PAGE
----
Tuesday, July 8, 2008

Your ‘family footprint’ in the midst of chaos

Peak oil. Gas crisis. Housing crisis. Credit crisis.

And by the way, we’re destroying the earth.

It’s no wonder that people are becoming discouraged. As one poster to my site wrote this week, she would like to hear “some positive, feel-good news!”

It’s easy to be frustrated. But it’s also easy to make positive changes, even on the most local level you can: Your neighbors, friends, family and coworkers.

No Impact Man wrote yesterday about "The questions of love, kindness and the end of oil." In it, he reminds us that at the center of taking care of the earth should be the legacy we create for others in our lifetimes and for generations to come. The impact of how we live our lives today should not be ignored.

"What we need is not to draw lines between people," he writes. "We need to draw lines around them."

Quoting his father, he writes: "You should worry less about your carbon footprint and more about your family footprint."

It’s true that in an increasingly chaotic life – one that threatens our most basic needs of safety, security, housing and nourishment – that often we tend to be egocentric in our approach to solving the problem(s) at hand. But perhaps it’s time to take a larger look at how we can make a better difference and improve our "family footprint."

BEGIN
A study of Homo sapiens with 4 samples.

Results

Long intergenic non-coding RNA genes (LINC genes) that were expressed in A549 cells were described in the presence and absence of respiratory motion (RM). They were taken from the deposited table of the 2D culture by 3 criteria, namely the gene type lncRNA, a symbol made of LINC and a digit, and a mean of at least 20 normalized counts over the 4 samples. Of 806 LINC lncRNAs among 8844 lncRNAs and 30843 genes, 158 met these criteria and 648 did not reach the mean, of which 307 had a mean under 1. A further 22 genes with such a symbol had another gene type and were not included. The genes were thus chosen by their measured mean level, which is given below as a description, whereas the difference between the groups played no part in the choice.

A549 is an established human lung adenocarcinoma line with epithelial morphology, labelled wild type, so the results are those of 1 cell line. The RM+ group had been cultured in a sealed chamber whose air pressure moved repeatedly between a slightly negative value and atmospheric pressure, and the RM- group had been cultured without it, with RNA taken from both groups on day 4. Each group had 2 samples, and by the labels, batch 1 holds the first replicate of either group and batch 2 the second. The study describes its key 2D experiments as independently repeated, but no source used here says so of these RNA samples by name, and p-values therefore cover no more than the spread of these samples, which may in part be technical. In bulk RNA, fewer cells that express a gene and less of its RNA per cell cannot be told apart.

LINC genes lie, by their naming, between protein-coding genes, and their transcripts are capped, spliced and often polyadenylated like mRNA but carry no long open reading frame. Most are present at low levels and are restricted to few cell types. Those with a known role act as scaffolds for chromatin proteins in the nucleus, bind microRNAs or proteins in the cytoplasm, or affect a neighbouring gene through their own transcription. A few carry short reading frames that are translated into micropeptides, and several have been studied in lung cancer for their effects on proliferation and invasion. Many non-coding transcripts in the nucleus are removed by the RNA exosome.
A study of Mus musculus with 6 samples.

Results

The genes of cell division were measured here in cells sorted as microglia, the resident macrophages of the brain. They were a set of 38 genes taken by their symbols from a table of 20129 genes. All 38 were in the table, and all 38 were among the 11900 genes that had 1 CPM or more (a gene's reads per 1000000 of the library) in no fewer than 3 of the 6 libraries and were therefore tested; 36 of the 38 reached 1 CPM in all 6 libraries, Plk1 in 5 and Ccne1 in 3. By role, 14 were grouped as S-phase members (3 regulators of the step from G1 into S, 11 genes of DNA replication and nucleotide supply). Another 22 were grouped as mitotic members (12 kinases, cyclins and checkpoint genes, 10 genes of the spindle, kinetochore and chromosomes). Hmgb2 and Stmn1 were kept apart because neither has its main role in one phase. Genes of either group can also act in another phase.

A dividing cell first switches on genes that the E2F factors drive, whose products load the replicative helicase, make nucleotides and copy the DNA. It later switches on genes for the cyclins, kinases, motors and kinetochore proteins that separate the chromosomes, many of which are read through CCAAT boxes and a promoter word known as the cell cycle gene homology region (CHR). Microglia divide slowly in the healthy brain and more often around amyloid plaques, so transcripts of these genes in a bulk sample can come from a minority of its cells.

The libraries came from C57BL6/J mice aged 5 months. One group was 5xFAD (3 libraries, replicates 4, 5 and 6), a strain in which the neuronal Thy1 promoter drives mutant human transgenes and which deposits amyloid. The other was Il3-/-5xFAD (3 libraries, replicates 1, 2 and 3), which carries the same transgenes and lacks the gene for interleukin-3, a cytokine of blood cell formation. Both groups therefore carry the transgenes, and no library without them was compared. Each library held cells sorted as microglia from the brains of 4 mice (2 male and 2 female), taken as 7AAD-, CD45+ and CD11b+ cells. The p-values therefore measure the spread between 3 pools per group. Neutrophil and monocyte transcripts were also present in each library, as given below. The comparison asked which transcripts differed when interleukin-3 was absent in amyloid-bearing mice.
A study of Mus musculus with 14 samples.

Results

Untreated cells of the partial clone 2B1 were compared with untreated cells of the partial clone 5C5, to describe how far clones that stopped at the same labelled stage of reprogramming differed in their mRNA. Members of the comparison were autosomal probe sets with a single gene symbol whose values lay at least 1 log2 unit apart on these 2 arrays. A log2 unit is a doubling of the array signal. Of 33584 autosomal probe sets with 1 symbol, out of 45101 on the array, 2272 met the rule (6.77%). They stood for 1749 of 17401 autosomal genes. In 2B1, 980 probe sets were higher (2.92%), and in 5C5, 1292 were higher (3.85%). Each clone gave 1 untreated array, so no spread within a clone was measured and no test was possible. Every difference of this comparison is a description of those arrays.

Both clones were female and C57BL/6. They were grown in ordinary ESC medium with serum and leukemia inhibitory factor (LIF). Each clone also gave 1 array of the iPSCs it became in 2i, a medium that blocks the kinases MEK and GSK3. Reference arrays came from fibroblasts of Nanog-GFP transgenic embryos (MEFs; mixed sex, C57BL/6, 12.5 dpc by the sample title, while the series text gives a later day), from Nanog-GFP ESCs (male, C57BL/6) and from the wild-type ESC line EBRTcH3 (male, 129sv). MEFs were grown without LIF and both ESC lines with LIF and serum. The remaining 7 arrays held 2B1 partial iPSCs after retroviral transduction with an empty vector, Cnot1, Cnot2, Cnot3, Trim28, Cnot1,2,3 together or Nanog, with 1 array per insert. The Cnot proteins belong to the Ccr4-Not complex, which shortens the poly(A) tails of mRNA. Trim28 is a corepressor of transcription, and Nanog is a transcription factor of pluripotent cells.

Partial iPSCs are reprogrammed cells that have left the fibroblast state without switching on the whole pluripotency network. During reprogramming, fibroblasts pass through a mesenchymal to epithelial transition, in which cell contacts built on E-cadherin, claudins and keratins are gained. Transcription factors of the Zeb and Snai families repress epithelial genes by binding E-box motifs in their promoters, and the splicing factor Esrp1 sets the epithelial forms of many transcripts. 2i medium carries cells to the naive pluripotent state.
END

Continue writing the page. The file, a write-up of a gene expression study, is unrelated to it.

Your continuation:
• Are we making amends to others? Rebuild bridges to those we have crossed (or have been hurt by). Even a simple “I’m sorry,” or “I forgive you.” Forgiveness can work wonders, for you and for others. Even if you’re not a spiritual person, think of the health benefits of the reduction of stress that has built up from holding in those grudges.
  • Are we building community? When is the last time you said more than a passing “Hi” to your neighbor? Get to know your neighbors, your co-workers, the people you worship or attend classes with. Call an old friend; send a real e-mail (not a forwarded joke) to a family member. Share a meal or a drink; take a walk together. Research continually shows that the more people we know – and know better than just being friends on MySpace – the healthier and happier we tend to be.
  • Are we reaching out to others in need, based on what we can provide? You don’t have to give large sums of money to make a difference. Perhaps it’s a ride for a cancer patient to a treatment session. Or a meal to a new mom or a displaced flood victim. Or a few cans of corn for the local food pantry.
  • Are we teaching others? Share your skills, or learn a new one. Whether it’s fixing a hem, cooking a meal, potting a tomato. All of us have skills and talents that we can share with others that can make a difference in our lives. If nothing else, you’ve helped save someone the cost of a house call or outsourcing work if they cannot afford it.
  • Do we have faith? Faith in your God (if you choose to believe in a particular religion)? Faith in other people? Hope is essential to get through troubled times.